Field notes from Jakarta

photo credit: Unclosed door via photopin (license)
photo credit: Unclosed door via photopin (license)

Samantha North, Jakarta, Indonesia

After just a few minutes in Jakarta, one thing really stood out. The traffic.

It took over two hours for the taxi to make the relatively short trek from airport to the diplomatic district, where my hotel was located.

This unfortunate fact is well documented. According to a recent survey by Castrol, Jakarta has the world’s worst congestion. Istanbul comes a close second. I was keen to compare the two.

I went to Jakarta to attend the 2015 New Cities Summit, organised by the Paris-based think tank New Cities Foundation. Delegates included academics, tourism managers, journalists, businesspeople and social entrepreneurs of all kinds. I met an interesting man who told me the story of how he created his own city in the hill stations of India.

The event began with a speech by the governor of Jakarta, in which he talked about the city’s challenges and what the government is doing to tackle them. Then the keynote by Greg Lindsay, of the New Cities Foundation’s Mobility Initiative, talked of the ‘Urban Moment’, and was followed by a panel discussion delving into that theme in greater detail.

As a result of major demographic shifts towards city dwelling, i.e. the ‘urban moment’, many cities are focusing on investing to upgrade their infrastructure and services. Combined with the latest advances in technology, as seen in the latest crop of ‘smart cities’, it appears that the future belongs to cities.

However, as might be expected, significant shifts such as these are not without their challenges. Many cities are already struggling to cope with large influx of migrants. Jakarta is certainly one of these, with its crumbling infrastructure already straining under the weight of 28 million residents.

As a casual observer, brand-new to the city, I was surprised by the distinct lack of mass transit systems, although I noticed construction work underway to build a light rail system. There is also the Trans-Jakarta bus network, which runs around the city using dedicated lanes, similar to Istanbul’s Metrobus.

Unlike the Metrobus, the pathways of the Trans-Jakarta are less regulated. Cars often use them to sneak ahead of other traffic. This behaviour compromises the efficiency of the whole bus network and does not help the congestion problems.

To overcome traffic issues, many residents of Jakarta rely on two wheels to get around. Small motorbikes fill the streets in abundance. There are also a large number of unregulated motorbike taxis, known as ojeks, which hang out on street corners looking for passengers.

photo credit: Ojek via photopin (license)
photo credit: Ojek via photopin (license)

Every year, the city faces another severe problem: flooding. Located in a valley within a network of eight rivers, Jakarta is a prime target for floods. When the monsoons come, certain areas of the city just cannot cope and experience substantial damage and loss of livelihoods.

At the summit, I discovered Peta Jakarta, a research project that aims to mitigate the flood problems by harnessing a network of social media users to provide flood warnings and information using Twitter.

On the second day of the summit I was fortunate enough to hear a talk by Nobel Peace prize winner, Muhammad Yunus, famous for his founding of Grameen Bank and his subsequent work to support social entrepreneurship worldwide.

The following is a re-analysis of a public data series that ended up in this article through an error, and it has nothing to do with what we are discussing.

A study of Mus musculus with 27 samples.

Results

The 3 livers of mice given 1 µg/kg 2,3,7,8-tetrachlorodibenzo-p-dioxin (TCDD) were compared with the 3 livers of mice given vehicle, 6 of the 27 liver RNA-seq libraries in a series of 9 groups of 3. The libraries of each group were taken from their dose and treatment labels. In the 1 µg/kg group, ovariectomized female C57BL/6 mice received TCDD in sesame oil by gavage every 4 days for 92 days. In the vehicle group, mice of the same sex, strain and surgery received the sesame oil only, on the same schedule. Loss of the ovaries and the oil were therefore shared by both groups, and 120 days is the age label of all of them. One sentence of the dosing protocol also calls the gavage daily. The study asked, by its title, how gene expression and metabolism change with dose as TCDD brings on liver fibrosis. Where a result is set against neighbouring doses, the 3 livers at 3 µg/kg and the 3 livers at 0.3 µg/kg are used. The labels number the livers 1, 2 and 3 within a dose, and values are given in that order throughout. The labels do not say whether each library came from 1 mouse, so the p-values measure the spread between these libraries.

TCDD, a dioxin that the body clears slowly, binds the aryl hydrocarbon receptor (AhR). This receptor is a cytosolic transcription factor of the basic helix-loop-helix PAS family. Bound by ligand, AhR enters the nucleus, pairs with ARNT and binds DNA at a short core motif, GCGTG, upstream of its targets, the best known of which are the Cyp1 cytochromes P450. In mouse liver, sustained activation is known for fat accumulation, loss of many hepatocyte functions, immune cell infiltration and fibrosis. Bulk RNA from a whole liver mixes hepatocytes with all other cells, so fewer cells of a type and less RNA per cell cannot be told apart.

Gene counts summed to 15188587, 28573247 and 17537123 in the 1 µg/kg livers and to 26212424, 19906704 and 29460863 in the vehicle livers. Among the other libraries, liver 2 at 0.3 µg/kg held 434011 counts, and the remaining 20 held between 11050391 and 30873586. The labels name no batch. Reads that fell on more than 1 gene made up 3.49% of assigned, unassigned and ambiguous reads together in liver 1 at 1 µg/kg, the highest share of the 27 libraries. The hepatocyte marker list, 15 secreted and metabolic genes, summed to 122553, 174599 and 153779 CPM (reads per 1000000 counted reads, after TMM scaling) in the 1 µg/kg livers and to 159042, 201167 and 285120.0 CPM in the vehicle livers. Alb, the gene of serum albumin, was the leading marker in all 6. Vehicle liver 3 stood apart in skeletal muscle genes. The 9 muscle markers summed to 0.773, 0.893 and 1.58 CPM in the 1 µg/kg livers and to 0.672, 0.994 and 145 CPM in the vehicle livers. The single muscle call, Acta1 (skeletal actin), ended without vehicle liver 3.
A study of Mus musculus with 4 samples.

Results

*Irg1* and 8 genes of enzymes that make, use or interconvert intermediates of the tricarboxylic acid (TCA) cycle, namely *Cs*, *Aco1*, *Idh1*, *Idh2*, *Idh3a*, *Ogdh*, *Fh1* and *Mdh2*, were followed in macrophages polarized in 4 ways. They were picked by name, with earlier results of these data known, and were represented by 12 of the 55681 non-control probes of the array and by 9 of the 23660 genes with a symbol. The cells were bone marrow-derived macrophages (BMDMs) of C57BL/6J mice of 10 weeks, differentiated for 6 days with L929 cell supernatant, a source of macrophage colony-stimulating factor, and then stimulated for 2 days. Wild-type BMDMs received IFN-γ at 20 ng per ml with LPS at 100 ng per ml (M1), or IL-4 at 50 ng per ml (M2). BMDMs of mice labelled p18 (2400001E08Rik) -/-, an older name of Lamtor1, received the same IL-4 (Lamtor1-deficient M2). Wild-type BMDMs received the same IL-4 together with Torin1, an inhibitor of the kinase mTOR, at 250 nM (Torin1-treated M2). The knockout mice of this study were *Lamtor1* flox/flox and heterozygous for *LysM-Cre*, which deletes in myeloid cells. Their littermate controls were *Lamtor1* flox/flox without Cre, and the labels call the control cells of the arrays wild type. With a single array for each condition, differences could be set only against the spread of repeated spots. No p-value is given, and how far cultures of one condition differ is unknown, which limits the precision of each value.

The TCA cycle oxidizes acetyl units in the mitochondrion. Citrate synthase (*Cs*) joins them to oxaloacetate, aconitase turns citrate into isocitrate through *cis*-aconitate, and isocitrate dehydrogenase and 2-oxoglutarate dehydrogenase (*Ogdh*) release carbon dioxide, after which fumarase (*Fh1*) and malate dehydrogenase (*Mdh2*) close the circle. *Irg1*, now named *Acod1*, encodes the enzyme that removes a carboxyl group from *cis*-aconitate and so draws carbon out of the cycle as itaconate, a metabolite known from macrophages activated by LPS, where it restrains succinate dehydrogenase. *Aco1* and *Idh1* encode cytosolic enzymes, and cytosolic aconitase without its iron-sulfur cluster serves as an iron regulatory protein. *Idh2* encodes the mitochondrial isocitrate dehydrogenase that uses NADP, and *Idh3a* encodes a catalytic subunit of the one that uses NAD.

The summit featured a variety of social entrepreneurs and researchers who showcased their projects. Some of them, like Peta Jakarta and Go-Jek (Jakarta’s answer to Uber, but for motorbikes), have been designed to tackle Jakarta’s particular urban challenges.

Jakarta has plenty of good features too. I don’t know if I was simply lucky with the people I met on the streets, but I found them to be among the friendliest I’ve known in Southeast Asia. While exploring Jakarta’s central square, my small group of colleagues and I were approached many times by groups of giggling schoolgirls, hoping to get their picture taken among foreigners.

I’ve encountered this phenomenon before in other countries, such as China, where it tended to become somewhat overwhelming after a while. But these young girls were so genuine and enthusiastic that it was impossible not to oblige their request.

In the same square, at the historic Café Batavia, I encountered some of the most incredible desserts I’ve ever seen. It was also my first opportunity to taste the famous Kopi Luwak, otherwise known as ‘cat shit’ coffee. This stuff is made from coffee beans that remain undigested after being consumed by the civet cat.

It apparently sells for £60 a cup (or even more ridiculous prices at Harrods) in trendy areas of London. Now was the perfect chance to try it out in its natural habitat. Sadly, the experience was a complete anti-climax, tasting like a slightly more watery version of regular filter coffee. No discernible special properties at all, although Indonesians say it’s full of powerful antioxidants.

The trip ended with a quick visit to the Istiqlal Mosque, where the smiling attendant told us there was no need to cover our heads, although we did anyway. The inside of the mosque was impressive, but less ornate than the ones I’ve seen in Turkey.

Jakarta currently seems to be making a name for itself as a place with fearsome congestion levels. But it’s so much more than that and I hope it can move away from the negative. Once the city has managed to sort out its transport network, which may happen over the next couple of years, it will surely become a much more enticing destination.

Hopefully that will be the point where more people decide to come and actually discover Jakarta for themselves, without being discouraged by the difficulty of getting around.